30
Jul
10

Typology of Views on Charismatic Movements: Conclusion

To recap, I’ve been presenting a series of posts on charismatic movements, outlining a typology of views, as follows:

  • Charismatic more fundamental than institutional (Leonardo Boff).

While this survey shows that there is a significant body of literature on the theology of charisms and charismatic movements (and a wide divergence of viewpoints), I would argue that numerous questions remain which need to be addressed.

Significantly, for the most part, the literature on charisms has not been significantly incorporated into discussions of unity and diversity.   Of course, Cullman’s argument attempts to do this, but I would argue that he has disassociated the biblical idea of charisms from its original vocational context and applied it too liberally to all confessions, thereby inappropriately justifying continued separation across the board.  Also, it is apparent throughout his argument that his major concerns are with the Roman Catholic, Orthodox, and magisterial protestant traditions, but he offers no criteria by which we should distinguish these separations as “legitimate” as compared with more recent protestant schisms.  Would he support, for example, the continual splintering of pentecostal and independent charismatic churches on the grounds of protecting their particular charism?

Further, his model suggests that there is a charismatic gift at the root of all church divisions.  While I believe there are many confessions or denominations in the Church today that began with such a misapprehension of charisms, this is certainly not the case in every situation.  It seems nonsensical to speak of the English reformation, for example, being rooted an unrecognized charism.  We might speak of Anglican charisms that developed in the subsequent history of Anglicanism, but if the separation of the Church of England from Rome was not rooted in a charism, we must question the validity of using such post-division gifts as a reason for continued structural separation.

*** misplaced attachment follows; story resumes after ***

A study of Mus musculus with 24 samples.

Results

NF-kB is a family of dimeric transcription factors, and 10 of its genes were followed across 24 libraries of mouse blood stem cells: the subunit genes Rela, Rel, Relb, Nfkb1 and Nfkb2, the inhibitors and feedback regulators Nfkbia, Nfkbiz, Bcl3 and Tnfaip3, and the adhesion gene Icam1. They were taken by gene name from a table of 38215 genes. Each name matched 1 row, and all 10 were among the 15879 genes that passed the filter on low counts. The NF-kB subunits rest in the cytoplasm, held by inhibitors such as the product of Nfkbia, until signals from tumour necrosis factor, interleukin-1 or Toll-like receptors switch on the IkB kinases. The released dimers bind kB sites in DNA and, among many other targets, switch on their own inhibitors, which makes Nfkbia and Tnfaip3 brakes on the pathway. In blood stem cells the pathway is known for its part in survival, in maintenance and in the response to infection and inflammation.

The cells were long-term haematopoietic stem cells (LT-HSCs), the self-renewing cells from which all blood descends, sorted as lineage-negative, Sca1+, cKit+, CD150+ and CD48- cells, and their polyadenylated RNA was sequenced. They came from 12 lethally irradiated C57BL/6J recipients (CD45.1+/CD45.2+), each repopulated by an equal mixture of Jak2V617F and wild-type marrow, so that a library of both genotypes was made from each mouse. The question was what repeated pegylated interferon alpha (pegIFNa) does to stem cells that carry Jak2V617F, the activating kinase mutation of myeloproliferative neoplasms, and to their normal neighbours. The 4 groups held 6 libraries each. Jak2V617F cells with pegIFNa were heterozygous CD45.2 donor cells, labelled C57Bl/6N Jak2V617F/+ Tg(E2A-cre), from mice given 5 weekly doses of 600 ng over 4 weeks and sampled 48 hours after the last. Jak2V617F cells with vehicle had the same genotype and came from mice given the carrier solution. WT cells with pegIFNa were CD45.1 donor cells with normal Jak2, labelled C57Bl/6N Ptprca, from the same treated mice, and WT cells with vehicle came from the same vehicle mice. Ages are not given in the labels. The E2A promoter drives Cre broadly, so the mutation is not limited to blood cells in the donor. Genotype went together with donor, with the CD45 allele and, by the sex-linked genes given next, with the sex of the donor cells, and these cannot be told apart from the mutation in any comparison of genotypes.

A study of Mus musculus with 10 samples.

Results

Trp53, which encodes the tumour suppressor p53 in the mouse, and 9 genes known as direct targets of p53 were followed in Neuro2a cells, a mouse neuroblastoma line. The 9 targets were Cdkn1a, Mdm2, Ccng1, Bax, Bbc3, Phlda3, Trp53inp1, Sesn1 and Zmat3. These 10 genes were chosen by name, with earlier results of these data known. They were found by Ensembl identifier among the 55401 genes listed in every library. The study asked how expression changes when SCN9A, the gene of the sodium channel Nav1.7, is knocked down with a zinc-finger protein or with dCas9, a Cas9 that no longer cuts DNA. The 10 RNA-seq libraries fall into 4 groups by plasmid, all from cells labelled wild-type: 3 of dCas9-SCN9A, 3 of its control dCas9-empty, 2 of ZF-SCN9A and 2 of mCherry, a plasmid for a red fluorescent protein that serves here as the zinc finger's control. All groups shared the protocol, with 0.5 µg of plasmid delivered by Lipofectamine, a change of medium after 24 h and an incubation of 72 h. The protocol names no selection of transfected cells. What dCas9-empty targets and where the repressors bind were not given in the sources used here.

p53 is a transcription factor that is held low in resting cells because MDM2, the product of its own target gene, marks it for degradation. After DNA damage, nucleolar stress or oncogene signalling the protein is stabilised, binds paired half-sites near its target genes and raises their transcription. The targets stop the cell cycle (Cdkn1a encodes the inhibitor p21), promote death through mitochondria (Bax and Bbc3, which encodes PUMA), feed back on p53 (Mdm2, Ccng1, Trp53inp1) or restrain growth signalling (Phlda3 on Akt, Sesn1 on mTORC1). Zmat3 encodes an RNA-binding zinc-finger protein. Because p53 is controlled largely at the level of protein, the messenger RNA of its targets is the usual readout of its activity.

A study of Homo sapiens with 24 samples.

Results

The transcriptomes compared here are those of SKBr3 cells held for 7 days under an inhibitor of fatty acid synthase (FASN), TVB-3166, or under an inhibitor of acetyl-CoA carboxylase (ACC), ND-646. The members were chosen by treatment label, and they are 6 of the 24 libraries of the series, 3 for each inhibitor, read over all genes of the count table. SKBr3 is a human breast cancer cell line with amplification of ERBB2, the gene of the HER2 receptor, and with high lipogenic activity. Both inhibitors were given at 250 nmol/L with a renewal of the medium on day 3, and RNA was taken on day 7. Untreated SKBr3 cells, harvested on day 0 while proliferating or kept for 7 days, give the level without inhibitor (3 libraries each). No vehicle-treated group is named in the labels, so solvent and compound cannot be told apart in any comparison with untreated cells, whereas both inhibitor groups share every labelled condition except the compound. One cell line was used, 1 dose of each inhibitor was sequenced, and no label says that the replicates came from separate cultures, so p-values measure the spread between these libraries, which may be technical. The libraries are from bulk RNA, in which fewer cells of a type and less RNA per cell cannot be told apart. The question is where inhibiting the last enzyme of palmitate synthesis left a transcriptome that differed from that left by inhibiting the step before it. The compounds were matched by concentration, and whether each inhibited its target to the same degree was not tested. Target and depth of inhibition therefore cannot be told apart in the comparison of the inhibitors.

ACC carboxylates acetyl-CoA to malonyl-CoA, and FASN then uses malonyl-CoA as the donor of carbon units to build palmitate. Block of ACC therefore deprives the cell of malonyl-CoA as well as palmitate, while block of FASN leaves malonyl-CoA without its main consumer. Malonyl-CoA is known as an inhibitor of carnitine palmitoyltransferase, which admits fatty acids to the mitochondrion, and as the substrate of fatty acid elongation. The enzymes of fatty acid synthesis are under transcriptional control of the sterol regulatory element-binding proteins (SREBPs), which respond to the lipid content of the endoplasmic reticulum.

Other uses of the idea of “gifts” as a way of discussing diversity in ecumenical documents have not delved into the biblical theology of charisms, nor asked questions about the appropriateness of applying the term to traditions / denominations / confessions.  Though the idea of “complementary gifts” has been a helpful way to build ecumenical bridges, it should not be used to construct a positive vision for ecclesial unity which justifies continued “separation.”

Where the idea of charisms has been incorporated in a more sustained way into a vision of the unity of the Church is in Catholic literature on the religious life, but little work has been done in attempting to apply the insights of this perspective to protestant reform movements. The comparison has sometimes been made, but not explored in much theological depth (See, for example, Outler’s remarks on Methodism as an “order,” in That the World may Believe, 54).

The weakness of some Catholic approaches, especially those which stress the complementarity of charism and institution, is that they are not helpful in interpreting the divisive history of renewal and reform movements in the life of the Church.  The question is of paramount importance, particularly for the many evangelical protestant denominations which began as reform, renewal, or missionary movements, with no intention of starting new “churches.”  In evangelical circles, partly because of the prevalence of free church ecclesiology, the tendency has been to emphasize the significance of the movements and downplay the importance of historical continuity.

All this is to say that I think significant work needs to be done on the topic of  “group” charisms, and how this concept  fits into the larger discussion about the limits of legitimate diversity in the Church.



  1. 1 Harold Hill
    October 7, 2010 at 5:53 pm

    I’ve found this series very helpful, James. Thanks.